Understanding New European Energy Policy
European solutions are of the essence when it comes to reconciling the objectives of energy security, competitiveness, and climate change mitigation as the energy transition is progressing. The European climate and energy framework for 2030 and the legislative packages of the European Union for an energy union are of key strategic significance for the future direction of European and national climate and energy policies, and thus for the successful implementation of the energy reforms.
The European Union has set itself the aim of cutting EU greenhouse gas emissions by at least 40% by 2030 from 1990. Also, the proportion of renewables in the final energy consumption of the EU is to rise to 32% and EU primary energy consumption is to be cut by 32.5% compared with a reference scenario.
“Clean Energy for All Europeans” package
Together with the existing proposals on climate policy and the gas sector, the “Clean Energy for All Europeans” package forms the framework for the implementation of the Energy Union and the European climate and energy targets up to 2030. The package itself consists of four Directives and four Regulations.
The German government welcomes the compromise on the first sub-package as an important political success which shows that Europe is able to act. The agreement on ambitious but attainable objectives in combination with robust instruments for their implementation sends out a strong signal for a European energy transition. This will have a key impact on the energy transition in Germany over the next decade.
The revised Renewable Energy Directive
The revised Renewable Energy Directive will provide the EU with a new framework for the funding of renewable energy. The share of renewable energy in final energy consumption within the EU is to increase to at least 32% by 2030. In addition to common funding rules for electricity from renewables, the directive also addresses the heating and transport sectors, which account for two-thirds of energy consumption.
For example, the Member States will need to increase the share of renewable energy they use for heating and cooling by 1.3 percentage points from 2021 onwards. In the transport sector, the marketers of fuels are obliged to increase the share of renewable fuels by 14% by 2030 – largely via the use of new technologies such as electric mobility and power to X (using electricity to generate synthetic fuels). The updated Directive will also restrict the share of first-generation biofuels – biofuels that are produced from food crops.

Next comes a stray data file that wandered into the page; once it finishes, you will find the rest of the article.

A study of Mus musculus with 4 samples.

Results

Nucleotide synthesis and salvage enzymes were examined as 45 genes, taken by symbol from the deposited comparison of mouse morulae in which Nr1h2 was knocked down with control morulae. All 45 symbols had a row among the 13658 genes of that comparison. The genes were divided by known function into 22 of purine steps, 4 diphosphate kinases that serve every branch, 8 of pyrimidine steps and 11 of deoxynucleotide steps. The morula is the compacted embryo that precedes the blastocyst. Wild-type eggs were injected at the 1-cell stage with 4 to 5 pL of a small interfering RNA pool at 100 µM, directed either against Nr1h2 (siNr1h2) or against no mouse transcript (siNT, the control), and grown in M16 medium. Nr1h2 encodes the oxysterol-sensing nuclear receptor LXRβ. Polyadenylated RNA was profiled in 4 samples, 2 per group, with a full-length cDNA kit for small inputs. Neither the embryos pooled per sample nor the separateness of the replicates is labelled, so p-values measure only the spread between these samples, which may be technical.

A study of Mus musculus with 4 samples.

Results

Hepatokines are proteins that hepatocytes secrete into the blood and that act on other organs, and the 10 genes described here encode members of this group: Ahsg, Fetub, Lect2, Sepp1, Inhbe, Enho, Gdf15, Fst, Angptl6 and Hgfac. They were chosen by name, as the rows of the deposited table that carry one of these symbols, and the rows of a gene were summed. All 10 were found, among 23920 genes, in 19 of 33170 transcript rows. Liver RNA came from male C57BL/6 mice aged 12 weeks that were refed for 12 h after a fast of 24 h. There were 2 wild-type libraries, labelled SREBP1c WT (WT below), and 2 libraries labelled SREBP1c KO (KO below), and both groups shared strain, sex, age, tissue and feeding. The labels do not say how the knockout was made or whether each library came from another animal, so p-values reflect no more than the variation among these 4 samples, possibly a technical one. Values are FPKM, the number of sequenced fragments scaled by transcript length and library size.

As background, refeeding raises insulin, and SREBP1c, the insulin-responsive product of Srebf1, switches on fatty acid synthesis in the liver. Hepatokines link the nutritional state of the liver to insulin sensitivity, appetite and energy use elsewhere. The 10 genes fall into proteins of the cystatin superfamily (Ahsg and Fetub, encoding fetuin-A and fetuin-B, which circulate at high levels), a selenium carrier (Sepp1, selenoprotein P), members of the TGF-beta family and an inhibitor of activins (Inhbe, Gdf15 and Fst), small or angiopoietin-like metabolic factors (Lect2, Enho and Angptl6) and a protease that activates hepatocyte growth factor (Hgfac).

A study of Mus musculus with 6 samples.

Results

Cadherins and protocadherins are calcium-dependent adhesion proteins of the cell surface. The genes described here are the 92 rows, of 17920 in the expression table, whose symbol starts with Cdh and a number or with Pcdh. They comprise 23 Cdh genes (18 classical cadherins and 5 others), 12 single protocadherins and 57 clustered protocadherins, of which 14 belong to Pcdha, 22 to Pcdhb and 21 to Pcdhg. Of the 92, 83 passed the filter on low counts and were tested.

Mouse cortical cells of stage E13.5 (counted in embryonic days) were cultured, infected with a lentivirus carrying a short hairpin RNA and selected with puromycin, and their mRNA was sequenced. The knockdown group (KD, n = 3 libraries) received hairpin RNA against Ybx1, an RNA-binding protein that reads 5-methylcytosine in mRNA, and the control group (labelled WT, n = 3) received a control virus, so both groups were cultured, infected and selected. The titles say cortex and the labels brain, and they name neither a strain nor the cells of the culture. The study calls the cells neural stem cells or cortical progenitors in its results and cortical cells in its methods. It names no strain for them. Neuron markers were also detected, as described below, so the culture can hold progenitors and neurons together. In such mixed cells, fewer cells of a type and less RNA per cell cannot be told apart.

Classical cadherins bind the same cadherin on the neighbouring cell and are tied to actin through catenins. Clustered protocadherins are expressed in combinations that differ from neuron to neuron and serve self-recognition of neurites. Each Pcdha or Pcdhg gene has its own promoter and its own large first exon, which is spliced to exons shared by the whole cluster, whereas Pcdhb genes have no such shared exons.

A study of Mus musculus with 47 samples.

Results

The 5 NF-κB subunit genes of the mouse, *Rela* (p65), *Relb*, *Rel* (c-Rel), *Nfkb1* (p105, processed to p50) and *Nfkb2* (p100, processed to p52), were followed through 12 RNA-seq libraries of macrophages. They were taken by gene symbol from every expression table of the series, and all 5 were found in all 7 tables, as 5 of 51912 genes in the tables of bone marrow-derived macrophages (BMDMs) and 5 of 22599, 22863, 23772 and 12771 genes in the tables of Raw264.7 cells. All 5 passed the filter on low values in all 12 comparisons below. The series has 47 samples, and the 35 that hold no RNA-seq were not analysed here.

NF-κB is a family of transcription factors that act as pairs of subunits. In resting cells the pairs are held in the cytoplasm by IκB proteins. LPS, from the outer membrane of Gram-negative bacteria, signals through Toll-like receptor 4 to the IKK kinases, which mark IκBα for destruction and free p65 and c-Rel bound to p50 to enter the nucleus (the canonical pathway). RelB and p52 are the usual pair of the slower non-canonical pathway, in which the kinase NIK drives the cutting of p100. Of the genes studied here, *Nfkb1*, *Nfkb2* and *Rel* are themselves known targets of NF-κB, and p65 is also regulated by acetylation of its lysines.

The revised Energy Efficiency Directive
The revised Energy Efficiency Directive seeks to reduce primary energy consumption within the EU by 32.5% by 2030 compared with a reference scenario. Member States remain at liberty to decide on their indicative contribution towards the EU’s energy efficiency target for 2030. The key instrument for the implementation of the Directive – the energy efficiency obligation – has been strengthened and extended beyond 2020. In this context, real savings of 0.8% a year were agreed for the first time. Up until now, the Member States had to adopt measures to achieve 1.5%; however, there were a large number of exemptions by which countries could reduce this target to below the real rate of 0.8% which has now been agreed.
The revised Energy Performance of Buildings Directive (EPBD)
The revision of the Buildings Directive provides for a further development of the long-term renovation strategies currently covered by the Energy Efficiency Directive. In addition, the revision contains provisions permitting new buildings to become better equipped to cope with the future needs and possibilities of energy and transport infrastructure. The Directive anchors an arrangement to promote the creation of the necessary infrastructure for electric mobility: in future, new buildings with more than 10 parking spaces must include conduits to permit the provision of charging infrastructure. Regarding the inspections of heating and air-conditioning systems, there will in future be a further option in addition to the existing possibility of “alternative measures”: the fitting of building automation and control systems. The European Commission will also develop a smartness indicator to assess the technological capability of a building to regulate itself and communicate with the residents and the electricity grid.